Review by Artemi Pugachov (Encyclopedia of Electronic Music, www.pugachov.ru/eem
"Belles Alliances" sees Gustavo Jobim collaborating with other musicians worldwide, both famous and not so famous.
The first track is done with the Chorlton Radiophonic Workshop from the UK. It's a relatively short, 5+ minute piece called "I Tasted Jobim". Yeah, right. It starts with a great resonant sequence, until some melancholic sounds and a bit of Mellotron strings appear. Some reflective guitar playing can be heard, as well as some tasty experimental sounds. The piece has a hazy, ambient feel, in spite of it being fairly rhythmical and active. Floating pads come towards the 3-minute mark and then suddenly a voice appears, reciting an English text, shifting duties with a vocoder. Interesting stuff...
"Joan Mitchell's Ici" is next and at 16+ minutes it is the longest composition of this album. It was created in collaboration with That Hideous Strength from the USA. Low synths and drones start this spooky piece, as experimental electronics add a nice touch. Real drums appear, together with fuzzy guitar sounds. This is some intense, doomy music which is half synthetic and half guitar-based but is totally out-there. If you liked some of the heavier moments of Hawkwind, you ought to like this as well. After 8 minutes the track shoots itself into space with upbeat sequences, heavy drums and heavily processed guitar. This is a Space Rock fan's dream!
An untitled track with Nathan Siter comes next. What we hear here are basically some spooky effects and drones. So, this is the Dark Ambient piece of this album. And not a bad one, too. If you're into the genre - check it out. Beware, that there are some pretty grating and harsh textures towards the end of the piece, so I suggest that you don't listen to it at high volume.
Another untitled track, this time with Conrad Schnitzler, follows. It's a short piece that only slightly exceeds the 2-minute length. It features avantgardistic piano playing and... this is it. Pretty simple but a nice interlude all the same.
"Musica Sem Nome", recorded with Helder Correia (Portugal) is next. Electric piano is combined with some growling synths and a bass throb. A nice melodic theme is introduced to what sounds like the most accessible piece so far. Some heavy bass sequences are introduced and the track becomes urgent, rhythmic and repetitive. A superfast bass drum rhythm is added to what now sounds like an outtake from a Hardcore / Gabber compilation. Nice try.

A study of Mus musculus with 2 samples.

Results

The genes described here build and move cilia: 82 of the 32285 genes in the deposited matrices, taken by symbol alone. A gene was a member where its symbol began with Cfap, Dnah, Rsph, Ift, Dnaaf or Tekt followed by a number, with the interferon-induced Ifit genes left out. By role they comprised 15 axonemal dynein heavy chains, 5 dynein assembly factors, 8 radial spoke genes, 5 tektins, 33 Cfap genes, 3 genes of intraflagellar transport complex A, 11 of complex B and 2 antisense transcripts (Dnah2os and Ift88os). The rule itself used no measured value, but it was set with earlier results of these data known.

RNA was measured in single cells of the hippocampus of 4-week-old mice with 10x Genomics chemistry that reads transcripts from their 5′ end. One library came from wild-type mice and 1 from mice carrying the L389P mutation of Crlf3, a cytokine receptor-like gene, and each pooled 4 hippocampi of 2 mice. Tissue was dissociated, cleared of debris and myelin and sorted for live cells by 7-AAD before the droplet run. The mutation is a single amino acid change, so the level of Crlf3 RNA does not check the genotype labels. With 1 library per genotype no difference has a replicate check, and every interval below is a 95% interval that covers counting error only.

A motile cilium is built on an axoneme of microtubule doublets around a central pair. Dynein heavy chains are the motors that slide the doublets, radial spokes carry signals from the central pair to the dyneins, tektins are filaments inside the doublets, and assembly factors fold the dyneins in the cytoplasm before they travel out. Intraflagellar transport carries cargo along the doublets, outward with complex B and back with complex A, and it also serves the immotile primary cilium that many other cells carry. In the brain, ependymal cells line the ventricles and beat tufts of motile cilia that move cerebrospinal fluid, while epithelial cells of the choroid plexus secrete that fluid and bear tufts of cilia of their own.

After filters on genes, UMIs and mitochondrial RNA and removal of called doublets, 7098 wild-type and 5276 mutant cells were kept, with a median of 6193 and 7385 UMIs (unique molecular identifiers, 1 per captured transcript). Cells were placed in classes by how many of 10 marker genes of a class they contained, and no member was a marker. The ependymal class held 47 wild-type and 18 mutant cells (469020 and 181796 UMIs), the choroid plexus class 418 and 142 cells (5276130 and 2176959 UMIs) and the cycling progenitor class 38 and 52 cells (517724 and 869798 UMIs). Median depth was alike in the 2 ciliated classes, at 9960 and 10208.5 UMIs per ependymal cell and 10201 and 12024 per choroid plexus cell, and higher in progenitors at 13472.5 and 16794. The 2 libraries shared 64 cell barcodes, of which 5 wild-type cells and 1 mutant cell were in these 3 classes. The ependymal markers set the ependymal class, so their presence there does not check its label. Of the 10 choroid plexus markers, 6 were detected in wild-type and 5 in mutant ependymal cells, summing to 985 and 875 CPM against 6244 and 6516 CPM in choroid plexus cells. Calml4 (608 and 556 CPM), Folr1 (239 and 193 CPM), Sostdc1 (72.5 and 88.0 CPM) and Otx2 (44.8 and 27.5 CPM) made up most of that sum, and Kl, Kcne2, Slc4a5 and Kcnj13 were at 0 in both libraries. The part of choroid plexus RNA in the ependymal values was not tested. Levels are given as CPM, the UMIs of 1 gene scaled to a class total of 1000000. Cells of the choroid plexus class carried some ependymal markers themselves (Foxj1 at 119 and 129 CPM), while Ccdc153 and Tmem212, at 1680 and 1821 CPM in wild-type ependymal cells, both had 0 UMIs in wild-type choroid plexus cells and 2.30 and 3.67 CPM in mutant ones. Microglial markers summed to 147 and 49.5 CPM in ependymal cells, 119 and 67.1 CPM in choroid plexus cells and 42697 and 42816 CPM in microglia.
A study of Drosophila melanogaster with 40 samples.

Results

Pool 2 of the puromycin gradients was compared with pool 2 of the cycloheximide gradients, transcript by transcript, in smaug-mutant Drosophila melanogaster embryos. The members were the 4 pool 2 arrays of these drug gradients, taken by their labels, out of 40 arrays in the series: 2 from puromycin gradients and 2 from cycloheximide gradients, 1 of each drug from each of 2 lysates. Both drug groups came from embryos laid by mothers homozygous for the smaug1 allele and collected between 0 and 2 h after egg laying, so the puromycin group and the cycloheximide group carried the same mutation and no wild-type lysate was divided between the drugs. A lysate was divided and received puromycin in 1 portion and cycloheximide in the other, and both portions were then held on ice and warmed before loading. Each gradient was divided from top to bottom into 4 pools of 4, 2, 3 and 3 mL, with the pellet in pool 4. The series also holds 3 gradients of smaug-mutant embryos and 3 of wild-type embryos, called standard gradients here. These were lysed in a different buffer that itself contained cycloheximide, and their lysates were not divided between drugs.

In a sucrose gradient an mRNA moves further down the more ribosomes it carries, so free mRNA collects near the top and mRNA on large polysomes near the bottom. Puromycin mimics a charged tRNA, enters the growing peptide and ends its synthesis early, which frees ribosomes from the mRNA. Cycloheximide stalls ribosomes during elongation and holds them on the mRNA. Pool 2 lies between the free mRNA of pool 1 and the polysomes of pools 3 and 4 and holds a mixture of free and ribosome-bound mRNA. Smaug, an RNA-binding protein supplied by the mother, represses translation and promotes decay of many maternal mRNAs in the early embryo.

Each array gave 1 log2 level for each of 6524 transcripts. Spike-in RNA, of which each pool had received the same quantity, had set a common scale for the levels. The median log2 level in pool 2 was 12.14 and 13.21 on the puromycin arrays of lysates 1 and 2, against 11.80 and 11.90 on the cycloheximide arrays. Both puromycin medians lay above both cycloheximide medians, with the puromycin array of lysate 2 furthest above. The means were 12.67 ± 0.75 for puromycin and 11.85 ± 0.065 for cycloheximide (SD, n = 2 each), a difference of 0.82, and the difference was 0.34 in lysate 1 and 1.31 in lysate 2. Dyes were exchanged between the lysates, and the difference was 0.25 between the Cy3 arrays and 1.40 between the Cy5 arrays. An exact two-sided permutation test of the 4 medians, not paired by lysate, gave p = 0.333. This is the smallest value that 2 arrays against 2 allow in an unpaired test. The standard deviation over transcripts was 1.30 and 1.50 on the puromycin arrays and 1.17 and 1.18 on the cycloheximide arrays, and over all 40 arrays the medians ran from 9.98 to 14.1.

A short piece "Crepusculum" is next, done in collaboration with Brazilian Amyr Cantusio Jr. (aka Amir Cantusio aka Alpha III). Cosmic synthesizers arranged in cyclical patterns are heard. Background melodic pads and piano clusters add a nice touch to this very harmonic and enjoyable number. Pity it's too short, though.
"Will-o'-the-Wisp" with Robert Jaz (USA) is next and it's a much more experimental affair, with repeating bass notes and synth improvisation on top.
"Summer Breeze" is done with someone from Germany who calls himself "Member". Organ chords reveal beautiful clusters of piano notes. A Froesean guitar is heard but the main sounds (the chords and the piano) remain rather static.
An untitled track with Daniel Bordini follows. It features a repeated melody and some heavy wind effects. Very soon an acoustic guitar sound appears and a slow dubby rhythm chugs along nicely in a relaxed and serene manner.
And yet another untitled track with Brazilian Leandro Theodorico follows. It's full of absolutely crazy sounds and effects. This avant-garde and somewhat chaotic piece reminded me on some Robin Julian Heifetz stuff I've heard on a few samplers released by Electroshock.
"Abstract Painted Train" is next. It's a piece done in collaboration with Norwegian Noise artist Ronny Waernes. Accordingly, this piece is quite intense and heavy, with distorted sequences and grating sounds / effects. Well, to be exact, this track is basically a barrage of noise. There are different sounds here, but they are processed to the point where they become a painful wall of sound.
"Cyprinodotinform Manifesto" is a short piece of abstract electronics and English text recited by Justynn Tyme from the USA.
"Belles Alliances" has something for everyone and with a variety of styles displayed here, it's difficult to recommend it to any particular group of listeners. However, it's difficult not to recommend it either, as there's some top-notch stuff in there. Best track: undoubtedly, "Joan Mitchell's Ici" with second best being "Crepusculum".